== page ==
The first time I realized that there was something of a ‘geek subculture’ was when the movie TRON came out. The big ‘tentpole’ movies of geekdom — Star Wars, Superman, The Empire Strikes Back, Raiders of the Lost Ark, ET — everybody saw those. Not so much with TRON, which was pretty much ignored that year, except by me; I saw it and assumed that everyone else did, too. But when I mentioned it to classmates, not one of them had bothered. They had all assumed it was just a piece of, well, geek fluff.
TRON isn’t a perfect movie, but it’s a fun one, and it’s deeply imaginative in its depiction of ‘the world inside the computer’, where programs take on the personalities of their ‘Users’. For all the ballyhooed use of computer graphics in its effects, the film’s production design is surprisingly old-school, using photographic effects of the time, but there is still a lot of amazing eye-candy in the movie. (And the lightcycle sequence is, for my money, one of the iconic action sequences of the period.)
Early in the film, a program from an accounting firm is being escorted into the Game Grid, which is where programs are gathered and forced to engage in forms of cyber-gladiator games. Here we meet Crom, a program who won’t be around much, because he’s doughy and nerdy and….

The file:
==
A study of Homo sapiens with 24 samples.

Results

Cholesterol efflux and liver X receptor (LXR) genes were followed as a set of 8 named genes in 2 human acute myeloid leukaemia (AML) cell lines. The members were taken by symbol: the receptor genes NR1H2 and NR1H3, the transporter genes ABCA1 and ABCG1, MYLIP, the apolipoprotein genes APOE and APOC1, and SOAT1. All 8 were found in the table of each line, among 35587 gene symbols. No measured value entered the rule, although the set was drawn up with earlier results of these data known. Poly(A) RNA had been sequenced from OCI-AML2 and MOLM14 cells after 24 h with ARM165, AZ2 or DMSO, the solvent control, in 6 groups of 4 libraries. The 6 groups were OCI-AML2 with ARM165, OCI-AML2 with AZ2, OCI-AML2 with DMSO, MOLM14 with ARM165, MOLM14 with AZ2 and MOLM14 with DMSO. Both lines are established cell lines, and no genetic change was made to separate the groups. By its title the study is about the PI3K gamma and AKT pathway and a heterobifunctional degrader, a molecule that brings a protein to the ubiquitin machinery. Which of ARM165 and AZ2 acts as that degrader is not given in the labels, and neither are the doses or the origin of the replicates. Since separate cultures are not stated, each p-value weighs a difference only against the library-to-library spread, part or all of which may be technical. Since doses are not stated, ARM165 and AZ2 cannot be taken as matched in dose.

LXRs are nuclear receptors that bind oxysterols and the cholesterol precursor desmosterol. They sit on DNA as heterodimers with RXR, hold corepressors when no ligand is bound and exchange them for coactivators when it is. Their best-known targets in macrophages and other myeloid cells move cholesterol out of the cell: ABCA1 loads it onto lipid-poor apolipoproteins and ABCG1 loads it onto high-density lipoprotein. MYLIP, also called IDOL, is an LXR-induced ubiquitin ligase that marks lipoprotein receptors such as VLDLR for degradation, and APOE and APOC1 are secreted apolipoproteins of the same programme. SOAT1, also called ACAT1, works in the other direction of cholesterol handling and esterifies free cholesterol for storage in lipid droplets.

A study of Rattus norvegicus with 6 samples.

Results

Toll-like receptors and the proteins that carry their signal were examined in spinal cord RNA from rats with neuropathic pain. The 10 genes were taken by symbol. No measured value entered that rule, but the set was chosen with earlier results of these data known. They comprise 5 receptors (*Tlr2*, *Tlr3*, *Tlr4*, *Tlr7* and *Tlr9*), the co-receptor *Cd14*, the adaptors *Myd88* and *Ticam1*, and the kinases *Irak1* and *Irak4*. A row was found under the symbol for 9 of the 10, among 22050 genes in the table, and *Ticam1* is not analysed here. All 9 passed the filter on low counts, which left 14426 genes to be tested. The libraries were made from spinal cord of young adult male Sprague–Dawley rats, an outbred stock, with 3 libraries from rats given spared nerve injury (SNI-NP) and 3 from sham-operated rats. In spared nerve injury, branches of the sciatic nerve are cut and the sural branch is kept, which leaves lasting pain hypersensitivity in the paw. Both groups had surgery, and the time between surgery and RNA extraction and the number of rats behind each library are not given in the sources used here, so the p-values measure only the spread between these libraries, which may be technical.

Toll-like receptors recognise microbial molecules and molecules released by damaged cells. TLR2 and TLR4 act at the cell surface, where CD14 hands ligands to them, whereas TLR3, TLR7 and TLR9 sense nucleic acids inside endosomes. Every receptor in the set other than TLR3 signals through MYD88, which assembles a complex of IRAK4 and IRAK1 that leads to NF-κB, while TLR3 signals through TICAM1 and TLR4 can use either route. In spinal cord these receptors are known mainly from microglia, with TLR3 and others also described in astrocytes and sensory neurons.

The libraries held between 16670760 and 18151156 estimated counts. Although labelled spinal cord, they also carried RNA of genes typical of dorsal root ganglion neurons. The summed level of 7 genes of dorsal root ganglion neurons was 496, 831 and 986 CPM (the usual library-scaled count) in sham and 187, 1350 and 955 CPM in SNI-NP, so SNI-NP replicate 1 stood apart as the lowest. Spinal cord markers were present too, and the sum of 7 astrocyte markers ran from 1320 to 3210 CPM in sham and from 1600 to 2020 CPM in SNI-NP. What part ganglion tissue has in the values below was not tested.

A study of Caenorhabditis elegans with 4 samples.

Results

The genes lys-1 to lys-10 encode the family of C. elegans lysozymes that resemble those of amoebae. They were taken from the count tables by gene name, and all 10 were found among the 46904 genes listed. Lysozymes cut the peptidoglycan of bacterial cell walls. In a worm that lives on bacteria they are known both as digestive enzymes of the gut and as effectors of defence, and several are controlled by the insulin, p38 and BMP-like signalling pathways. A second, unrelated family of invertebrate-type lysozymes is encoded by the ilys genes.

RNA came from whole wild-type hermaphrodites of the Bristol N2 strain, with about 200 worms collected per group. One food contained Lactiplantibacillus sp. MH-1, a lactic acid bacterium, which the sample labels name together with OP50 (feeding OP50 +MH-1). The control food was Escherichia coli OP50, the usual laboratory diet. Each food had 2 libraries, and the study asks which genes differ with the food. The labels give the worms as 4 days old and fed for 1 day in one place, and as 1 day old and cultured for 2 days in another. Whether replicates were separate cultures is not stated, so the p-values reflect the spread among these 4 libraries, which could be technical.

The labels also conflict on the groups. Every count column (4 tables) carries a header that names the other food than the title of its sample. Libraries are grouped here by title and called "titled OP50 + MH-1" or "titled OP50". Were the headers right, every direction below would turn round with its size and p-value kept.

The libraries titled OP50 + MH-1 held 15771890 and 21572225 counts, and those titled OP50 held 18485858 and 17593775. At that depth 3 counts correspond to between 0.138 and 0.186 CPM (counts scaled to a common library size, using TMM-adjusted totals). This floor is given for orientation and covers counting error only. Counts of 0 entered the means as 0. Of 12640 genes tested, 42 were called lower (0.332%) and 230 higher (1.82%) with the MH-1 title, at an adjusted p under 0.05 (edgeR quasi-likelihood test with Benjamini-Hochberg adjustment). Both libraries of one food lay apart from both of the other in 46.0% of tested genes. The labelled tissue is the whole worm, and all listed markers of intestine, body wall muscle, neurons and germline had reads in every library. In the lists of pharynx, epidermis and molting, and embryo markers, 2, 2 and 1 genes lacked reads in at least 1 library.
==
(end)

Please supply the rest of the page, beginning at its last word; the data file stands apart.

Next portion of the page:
Crom: Look. This… is all a mistake. I’m just a compound interest program. I work at a savings and loan! I can’t play these video games!
Guard: Sure you can, pal. Look like a natural athlete if I ever saw one.
Crom: Who, me? Are you kidding? No, I run out to check on T-bill rates, I get outta breath. Hey, look, you guys are gonna make my user, Mr. Henderson, very angry. He’s a full-branch manager.
Guard: Great. Another religious nut.
It interests me that belief in the Users is portrayed amongst the bad guys as a strange religion, but that’s the way it had to have started, right? The Master Control Program didn’t always exist. I wouldn’t mind knowing the story of its rise to power…but that’ll be a thought for another day. Anyway, I’m glad that over the years, TRON has been embraced more than it was back in 1982. But I’m also glad that I was on board at the beginning.
One of my long-time favorite films. I had a similar experience to yours in that I seemed to be the only one who saw this when it first came out. I wouldn't run across other fans of it until years later, college or maybe even after that. I'm pleased it's finally gotten its due, even if the latter-day fans and the makers of TRON Legacy seem to take it all way more seriously than was intended.